To its credit, the DADSS project acknowledges that in order to be accepted by the public, the system they come up with must be practical and non-intrusive. They are pursuing several methods of doing a passive test, to avoid having to have the driver blow into a tube and wait several minutes before allowing the car to start.
They are looking at both contacting and non-contacting methods. One method is to have an IR spectrograph system which reads the blood alcohol level by analyzing the reflected light from a persons skin, which would have to be touching a sensor hidden somewhere such as the steering wheel or shift knob. Another method would be to analyze the vapor in the cabin using several "sniffers".
However, even a passive system has some significant issues that will need to be overcome before the average person will agree to have one in their vehicle. The chance of a false positive must be vanishingly small. But at the same time, the system must be difficult to defeat, or it loses its protective effect.
And any system that degrades over time, to the point where it starts calling false positives, would not be acceptable.
Consider a contacting spectrograph sensor. What if it is winter, and our driver wants to wear gloves? Do you make him remove his gloves to start the car? Would people submit to that? (No).
Can the system tell the difference between a bag of saline solution and a persons finger? Could it be fooled with a hot dog?
Or what if you are using cabin air sensors, and you are sober but your friend in the passenger seat is drunk? The system must be able to tell the difference reliably to be acceptable.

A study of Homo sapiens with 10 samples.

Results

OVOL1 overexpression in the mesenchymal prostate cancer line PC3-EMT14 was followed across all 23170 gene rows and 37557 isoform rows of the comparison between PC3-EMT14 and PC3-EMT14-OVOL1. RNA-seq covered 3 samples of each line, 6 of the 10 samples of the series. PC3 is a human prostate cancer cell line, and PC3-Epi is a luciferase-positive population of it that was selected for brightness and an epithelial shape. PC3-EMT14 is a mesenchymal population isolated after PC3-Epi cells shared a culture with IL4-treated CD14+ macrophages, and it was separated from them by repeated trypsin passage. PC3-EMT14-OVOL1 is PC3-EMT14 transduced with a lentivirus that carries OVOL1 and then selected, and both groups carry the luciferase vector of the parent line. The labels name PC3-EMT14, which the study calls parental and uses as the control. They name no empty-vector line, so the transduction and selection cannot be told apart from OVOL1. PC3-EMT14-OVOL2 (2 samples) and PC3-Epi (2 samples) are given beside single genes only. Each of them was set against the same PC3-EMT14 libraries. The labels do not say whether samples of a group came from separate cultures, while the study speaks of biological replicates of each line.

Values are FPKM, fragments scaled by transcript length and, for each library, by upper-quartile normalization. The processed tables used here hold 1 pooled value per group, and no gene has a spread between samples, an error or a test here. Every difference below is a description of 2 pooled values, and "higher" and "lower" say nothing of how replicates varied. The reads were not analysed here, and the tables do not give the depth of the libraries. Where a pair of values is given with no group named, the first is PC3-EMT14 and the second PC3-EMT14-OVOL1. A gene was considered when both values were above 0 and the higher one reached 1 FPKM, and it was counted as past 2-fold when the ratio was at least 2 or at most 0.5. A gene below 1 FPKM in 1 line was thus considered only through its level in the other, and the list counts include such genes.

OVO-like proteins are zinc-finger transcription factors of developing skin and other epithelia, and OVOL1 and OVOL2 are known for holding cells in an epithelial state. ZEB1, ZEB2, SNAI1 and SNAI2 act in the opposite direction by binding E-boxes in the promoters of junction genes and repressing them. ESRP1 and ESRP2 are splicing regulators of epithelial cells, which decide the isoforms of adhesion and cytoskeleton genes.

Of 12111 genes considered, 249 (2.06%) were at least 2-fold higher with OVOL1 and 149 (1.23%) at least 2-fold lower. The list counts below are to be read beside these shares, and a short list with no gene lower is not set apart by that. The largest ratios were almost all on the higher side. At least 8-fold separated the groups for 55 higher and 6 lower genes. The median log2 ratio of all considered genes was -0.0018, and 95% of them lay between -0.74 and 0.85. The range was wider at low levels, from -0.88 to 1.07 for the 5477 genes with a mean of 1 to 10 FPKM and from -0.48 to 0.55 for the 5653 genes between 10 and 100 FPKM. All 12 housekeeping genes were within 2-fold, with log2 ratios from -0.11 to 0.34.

Would an air analyzer system work with the windows down, or with the ventilation fans blowing? Any solution which requires people to start with closed windows or without ventilation won't be accepted.
Could a cabin air analyzer be fooled by taping over the sensor inlet ports?
To be effective and safe, the system would have to make an up or down call quickly while the car is parked. Which means it will almost certainly have to be a default-to-guilty (restrictive) system as opposed to a non-restrictive default-to-innocent system. If the system allows you to drive away, but then makes a "intoxicated" call later, and stops your car, it may leave you in an unsafe situation.
I am skeptical about the idea that every car should have an alcohol detector on board. I think many lives could be saved if, instead, the system were required as an after-market installation for anyone who is caught DUI. I am not ready to accept, and I don't think most people would accept a system which presumes that you are drunk unless you can prove otherwise.
You can read more about the DADSS project at http://www.dadss.org/.
An interesting source of counter-advocacy is here: http://interlockfacts.com/, which is run by the American Beverage Institute.